How can you tell if your pet is in pain?


It’s not always completely obvious if your pet is in pain as they don’t always show symptoms and they’re not able to communicate like us humans. A dog’s pain can become evident through physical symptoms, behavioural changes and/or mobility issues. 

 

 

How to recognise signs of pain in your pet

Changes in body or posture

When in pain, your dog may present with a hunched posture or the ‘prayer’ position, indicating that they’re uncomfortable. Dogs often take the ‘prayer’ position when they are suffering from abdominal pain as it allows them to stretch this area out.

Heavy panting or altered breathing

Its normal for dogs to pant but excessive, out of the ordinary panting or shallow breathing could indicate your dog is in pain. 

More vocal

Yelping, growling, snarling, and even howling could be your dog telling you that something isn’t right.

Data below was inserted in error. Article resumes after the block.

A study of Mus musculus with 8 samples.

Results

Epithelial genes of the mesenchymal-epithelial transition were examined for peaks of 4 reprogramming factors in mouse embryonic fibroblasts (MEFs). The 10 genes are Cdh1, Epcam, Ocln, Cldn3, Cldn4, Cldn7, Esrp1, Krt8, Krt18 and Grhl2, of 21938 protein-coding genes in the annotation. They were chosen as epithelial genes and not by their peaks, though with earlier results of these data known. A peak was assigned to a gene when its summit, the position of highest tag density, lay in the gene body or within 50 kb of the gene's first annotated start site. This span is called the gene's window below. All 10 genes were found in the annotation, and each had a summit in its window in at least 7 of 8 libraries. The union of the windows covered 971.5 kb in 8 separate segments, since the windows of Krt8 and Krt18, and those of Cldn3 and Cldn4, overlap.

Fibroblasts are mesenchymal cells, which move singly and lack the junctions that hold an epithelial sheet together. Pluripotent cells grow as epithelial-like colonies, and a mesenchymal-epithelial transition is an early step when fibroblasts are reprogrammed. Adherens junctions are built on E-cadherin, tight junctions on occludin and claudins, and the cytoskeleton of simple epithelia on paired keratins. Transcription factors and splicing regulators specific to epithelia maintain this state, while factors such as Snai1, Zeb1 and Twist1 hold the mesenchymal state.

Shaking or trembling

Shaking can be a normal reaction of an excited pet but shaking, trembling or shivering could be a sign that your dog is in pain or suffering from an illness, therefore its not something to be ignored.

Excessive licking

Your pet may excessively groom to soothe themselves and also is their first instinct when cleaning and caring for a wound, whether internal or external.

Anti-social and not wanting to be touched

If your dog is in pain, they may hide away or appear to be unusually anti-social, indicating they’re not feeling themselves. 

Changes in eating, drinking, and sleeping habits

If your dog is off their food, drinking excessively or not at all and/or having disrupted, unsettled sleep, these could all indicate your pet is in discomfort. 

Aggressive behaviour

A dog in pain won’t be themselves and may act out of character. Any out of the ordinary behaviour with your dog should always be taken seriously.

 

What can you do to help?

If you suspect your dog may be in pain, keep a log of the signs you’re seeing and contact your veterinarian and book in for a consultation. Your vet will be able to assess and advise on the appropriate treatment after diagnosis. 

 

 Veterinary Nurse, Sharna Beveridge & Barking Heads

Asking the important question, does my dog suffer with separation anxiety? Read more here by Dog Behaviourist Adem Fehmi and Barking Heads.